Previous Immunosuppression in Rheumatoid Arthritis Patients and Reactivation of Hepatitis B
In a prospective, nonrandomized, noncontrolled study, Tamori and colleagues sought to elucidate the prevalence of hepatitis B virus (HBV) reactivation in patients with rheumatoid arthritis (RA) who had undergone immunosuppression for over 1 year. The study, which was published in the January 18th early online publication of the Journal of Gastroenterology, also assessed guidelines for establishing HBV reactivation in RA patients. The study included RA patients with antibodies against hepatitis B core antigen (anti-HBc) who had begun antirheumatic drug therapy; patients who were taking anti–tumor necrosis factor-α (anti-TNF-α) agents were also included. A total of 50 patients were enrolled. Real-time polymerase chain reaction was utilized to measure HBV DNA levels every 2–3 months. Patients with HBV DNA levels above 2.1 log/mL were given entecavir (Baraclude, Bristol-Myers Squibb). After a 23-month mean observation period (range, 12–32 months), 2 of 5 patients with HBV surface antigen (HBsAg) and 1 of 45 patients without HBsAg experienced HBV reactivation. There was a significant reduction in antibodies against HBsAg among patients treated with anti-TNF-α. HBV-associated flares were prevented with entecavir, which was also shown to inhibit HBV amplification. For RA patients whose HBV infection had been resolved, there was a low incidence of HBV reactivation.
Preoperative Infliximab After Restorative Proctocolectomy and Ileal Pouch-Anal Anastomosis
Gainsbury and associates conducted a study in a single-surgeon cohort that was published in the January 19th early online publication of the Journal of Gastrointestinal Surgery. The researchers sought to determine the relationship between preoperative use of infliximab (IFX; Remicade, Centocor) for refractory ulcerative colitis (UC) and short-term surgical complications following restorative proctocolectomy and ileal pouch-anal anastomosis (IPAA). The study included patients with UC who had undergone IPAA between September 2005 and May 2009. The investigators retrospectively identified 29 patients who had received IFX treatment within 12 weeks of surgery and 52 control patients. Short-term postoperative outcomes occurring within 30 days of loop ileostomy closure were compared between the 2 groups. Preoperative use of cyclosporine, azathioprine, and high-dose steroids was similar among patients, as were rates of emergency surgery, hand-sewn anastomosis, and comorbidities. There was a greater likelihood that IFX patients had received steroids, 6-mercaptopurine (6-MP), or methotrexate; had a laparoscopic hand-assisted IPAA; or had failed medical treatment. Both groups had similar overall postoperative and infectious complications. Multivariate regression analysis did not reveal any independent predictors for postoperative complications.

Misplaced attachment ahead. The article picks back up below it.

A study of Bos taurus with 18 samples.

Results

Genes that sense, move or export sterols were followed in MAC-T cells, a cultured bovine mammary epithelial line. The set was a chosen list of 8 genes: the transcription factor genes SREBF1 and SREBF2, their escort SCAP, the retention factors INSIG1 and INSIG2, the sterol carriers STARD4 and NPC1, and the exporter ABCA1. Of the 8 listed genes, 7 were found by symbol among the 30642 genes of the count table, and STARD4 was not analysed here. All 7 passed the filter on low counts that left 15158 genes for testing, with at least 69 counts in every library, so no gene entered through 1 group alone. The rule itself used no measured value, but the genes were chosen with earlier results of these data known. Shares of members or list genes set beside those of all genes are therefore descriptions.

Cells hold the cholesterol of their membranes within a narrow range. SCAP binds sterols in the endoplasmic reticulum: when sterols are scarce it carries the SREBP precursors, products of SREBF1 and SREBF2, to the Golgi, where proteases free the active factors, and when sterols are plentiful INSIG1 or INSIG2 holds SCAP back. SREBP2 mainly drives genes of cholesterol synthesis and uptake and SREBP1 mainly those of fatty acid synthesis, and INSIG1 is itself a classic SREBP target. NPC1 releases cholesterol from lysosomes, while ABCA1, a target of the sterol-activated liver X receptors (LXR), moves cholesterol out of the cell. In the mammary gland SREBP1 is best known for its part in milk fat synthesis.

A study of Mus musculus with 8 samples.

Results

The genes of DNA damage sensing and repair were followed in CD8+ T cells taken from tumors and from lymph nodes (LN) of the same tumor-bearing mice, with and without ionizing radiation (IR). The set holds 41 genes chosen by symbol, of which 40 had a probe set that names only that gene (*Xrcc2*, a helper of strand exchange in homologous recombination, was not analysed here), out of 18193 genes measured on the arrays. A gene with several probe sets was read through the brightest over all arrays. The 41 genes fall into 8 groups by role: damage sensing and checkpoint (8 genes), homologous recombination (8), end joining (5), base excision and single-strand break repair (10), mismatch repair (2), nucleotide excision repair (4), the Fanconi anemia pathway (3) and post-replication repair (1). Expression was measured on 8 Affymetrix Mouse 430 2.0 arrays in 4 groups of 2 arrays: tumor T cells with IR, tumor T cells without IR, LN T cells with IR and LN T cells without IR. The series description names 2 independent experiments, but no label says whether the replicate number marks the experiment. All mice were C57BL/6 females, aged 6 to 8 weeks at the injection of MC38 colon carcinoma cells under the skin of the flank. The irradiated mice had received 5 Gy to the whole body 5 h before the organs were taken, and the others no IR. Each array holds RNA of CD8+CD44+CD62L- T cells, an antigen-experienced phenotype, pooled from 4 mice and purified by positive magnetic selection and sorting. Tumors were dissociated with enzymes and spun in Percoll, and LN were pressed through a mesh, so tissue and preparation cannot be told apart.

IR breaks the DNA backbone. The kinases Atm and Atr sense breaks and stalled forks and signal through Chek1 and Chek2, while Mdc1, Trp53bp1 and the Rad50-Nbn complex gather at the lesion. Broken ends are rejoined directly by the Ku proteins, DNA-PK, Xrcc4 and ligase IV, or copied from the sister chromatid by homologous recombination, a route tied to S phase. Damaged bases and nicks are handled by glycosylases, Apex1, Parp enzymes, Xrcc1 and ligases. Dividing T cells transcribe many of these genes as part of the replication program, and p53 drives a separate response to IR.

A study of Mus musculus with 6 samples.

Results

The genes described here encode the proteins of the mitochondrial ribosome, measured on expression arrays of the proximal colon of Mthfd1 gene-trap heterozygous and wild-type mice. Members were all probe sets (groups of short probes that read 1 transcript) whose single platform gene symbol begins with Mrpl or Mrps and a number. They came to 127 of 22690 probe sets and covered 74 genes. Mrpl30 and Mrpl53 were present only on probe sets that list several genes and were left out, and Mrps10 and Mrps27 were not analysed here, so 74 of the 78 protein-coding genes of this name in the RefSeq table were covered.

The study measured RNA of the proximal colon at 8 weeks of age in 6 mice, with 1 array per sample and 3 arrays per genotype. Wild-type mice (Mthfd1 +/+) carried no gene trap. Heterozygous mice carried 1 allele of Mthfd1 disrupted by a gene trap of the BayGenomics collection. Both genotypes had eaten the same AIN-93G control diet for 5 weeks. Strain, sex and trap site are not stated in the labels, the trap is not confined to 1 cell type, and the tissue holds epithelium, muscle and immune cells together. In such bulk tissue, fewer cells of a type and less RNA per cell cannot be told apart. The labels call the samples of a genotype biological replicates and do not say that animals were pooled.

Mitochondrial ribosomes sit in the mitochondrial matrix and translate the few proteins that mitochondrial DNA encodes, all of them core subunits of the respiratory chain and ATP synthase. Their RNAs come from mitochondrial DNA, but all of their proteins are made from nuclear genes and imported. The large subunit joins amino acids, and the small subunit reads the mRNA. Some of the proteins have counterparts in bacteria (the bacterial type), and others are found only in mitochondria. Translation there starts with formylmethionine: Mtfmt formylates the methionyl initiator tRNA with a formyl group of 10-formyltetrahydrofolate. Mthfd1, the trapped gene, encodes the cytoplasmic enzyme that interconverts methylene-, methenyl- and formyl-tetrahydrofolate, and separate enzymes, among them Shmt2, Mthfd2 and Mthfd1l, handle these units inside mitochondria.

Helicobacter pylori Infection and Economic Status on Growth-related Molecules in Children
As reported in the January 17th early online publication of Helicobacter, Ozen and coworkers conducted a study of 4 primary and secondary schools in Istanbul, Turkey to evaluate the effect of Helicobacter pylori infection on circulating levels of growth-related molecules (GRMs) in healthy children. Anthropometric indices of their parents and the effect of their economic status (ES) were considered. The effect of H. pylori on growth-related parameters (weight-for-age standard deviation score [SDS], height-for-age SDS, body mass index [BMI] SDS, triceps skinfold thickness [TSF], and waist-to-hip ratio) and on GRMs (leptin, ghrelin, and insulin-like growth factor-1 [IGF-1]) was analyzed, controlling for the following factors: age, gender, family income, household crowding, breastfeeding, maternal and paternal BMI SDS, and midparental height SDS. A total of 473 children (275 female, 198 male) ranging from 6 to 15 years of age (mean, 10.3±0.1 years) were evaluated; 161 (34%) were found to have H. pylori infection. A significantly higher prevalence of H. pylori was detected in children who were in lower ES groups, living in crowded households, and of older age. No significant associations were found between H. pylori infection and growth parameters, although a strong interaction between H. pylori infection status and ES was present in complex models for height-for-age SDS and weight-for-age SDS. Among H. pylori-positive but not H. pylori-negative subjects, children in mid-income families were taller and heavier than those in low-income families. Ghrelin levels were associated with H. pylori infection in all models. No parameters were significantly associated with leptin levels in boys, although leptin levels were associated with household crowding in girls. IGF-1 levels were significantly associated with age and maternal BMI for boys and age and household crowding for girls. The study suggests that significant growth impairment due to H. pylori may occur only in susceptible children, likely facilitated by unfavorable socioeconomic conditions and potentially through mechanisms involving growth-related molecules.